What’s your strongest virtue?

Now there’s a question!  It might not seem exactly Lenten in character to spend time considering our virtues – but read on then reconsider… Years ago, the priest who most often heard my confessions used a little book that contained short passages of scripture, which he’d look up and quote from as necessary.

I remember one day – there must have been a particularly long queue – I caught myself trying to guess  which little passage he’d be reading to me.  I guessed correctly (he had, after all, had cause to read me that passage more than once before…) but more significantly, I noticed that his little book was indexed not according to vice, but according to virtue.

So say, for example, he had a penitent who was struggling against pride, he’d look up humility. That discovery brought home to me the fact that in spiritual combat, we need to fight vice with virtue.  But how can we win the battle if we don’t even know which weapons we possess?  That’s why we need to consider seriously which virtues we already hold in fair measure; which swords, as it were, are strong and true.  There will be other virtues that are not so strong in us.

They’re like weapons that we’re not used to handling, possibly because we aren’t troubled much by their opposing vice.  There may even be virtues that are rather alien to us, or about which we have all but forgotten.  They are the rusty weapons which, in all honesty, cannot be relied upon in battle and if we need to use them, we’ve lost.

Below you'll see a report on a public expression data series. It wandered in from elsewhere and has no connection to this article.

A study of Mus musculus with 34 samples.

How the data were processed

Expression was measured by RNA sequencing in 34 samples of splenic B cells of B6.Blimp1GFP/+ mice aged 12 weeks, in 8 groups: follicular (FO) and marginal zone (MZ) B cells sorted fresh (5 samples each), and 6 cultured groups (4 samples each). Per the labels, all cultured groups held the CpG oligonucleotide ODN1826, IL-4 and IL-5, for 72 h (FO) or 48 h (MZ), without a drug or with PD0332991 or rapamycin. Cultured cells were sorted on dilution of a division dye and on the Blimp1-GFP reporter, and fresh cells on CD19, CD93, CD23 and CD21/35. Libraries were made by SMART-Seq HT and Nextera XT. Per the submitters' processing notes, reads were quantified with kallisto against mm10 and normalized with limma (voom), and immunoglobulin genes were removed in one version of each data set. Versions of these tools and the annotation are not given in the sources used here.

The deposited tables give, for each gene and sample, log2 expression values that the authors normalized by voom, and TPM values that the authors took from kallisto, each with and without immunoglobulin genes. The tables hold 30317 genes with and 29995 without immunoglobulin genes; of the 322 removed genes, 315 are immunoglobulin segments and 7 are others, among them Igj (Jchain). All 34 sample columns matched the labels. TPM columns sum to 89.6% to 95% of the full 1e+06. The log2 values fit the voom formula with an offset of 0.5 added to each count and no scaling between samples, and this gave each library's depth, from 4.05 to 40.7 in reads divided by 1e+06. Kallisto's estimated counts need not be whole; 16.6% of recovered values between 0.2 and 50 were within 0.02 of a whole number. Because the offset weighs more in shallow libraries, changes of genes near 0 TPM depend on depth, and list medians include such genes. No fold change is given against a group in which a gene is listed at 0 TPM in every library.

It’s a little exercise that ‘s worth a few moments’ thought, especially as we come towards Passiontide.  Have a look at your own virtues (in a spirit of humility, of course, giving thanks to God for its presence) and see: what’s strong in you?  Can you see your strongest virtue straight away?  Why do you think it’s strong in you?  How do you use it to fight its opposing vice? Consider other virtues, especially ones you need for ‘battle’ and could perhaps sharpen a little.  Prayer and practice are the whetting stones for the swords of virtue.  God gives us what we need, if only we ask it of Him.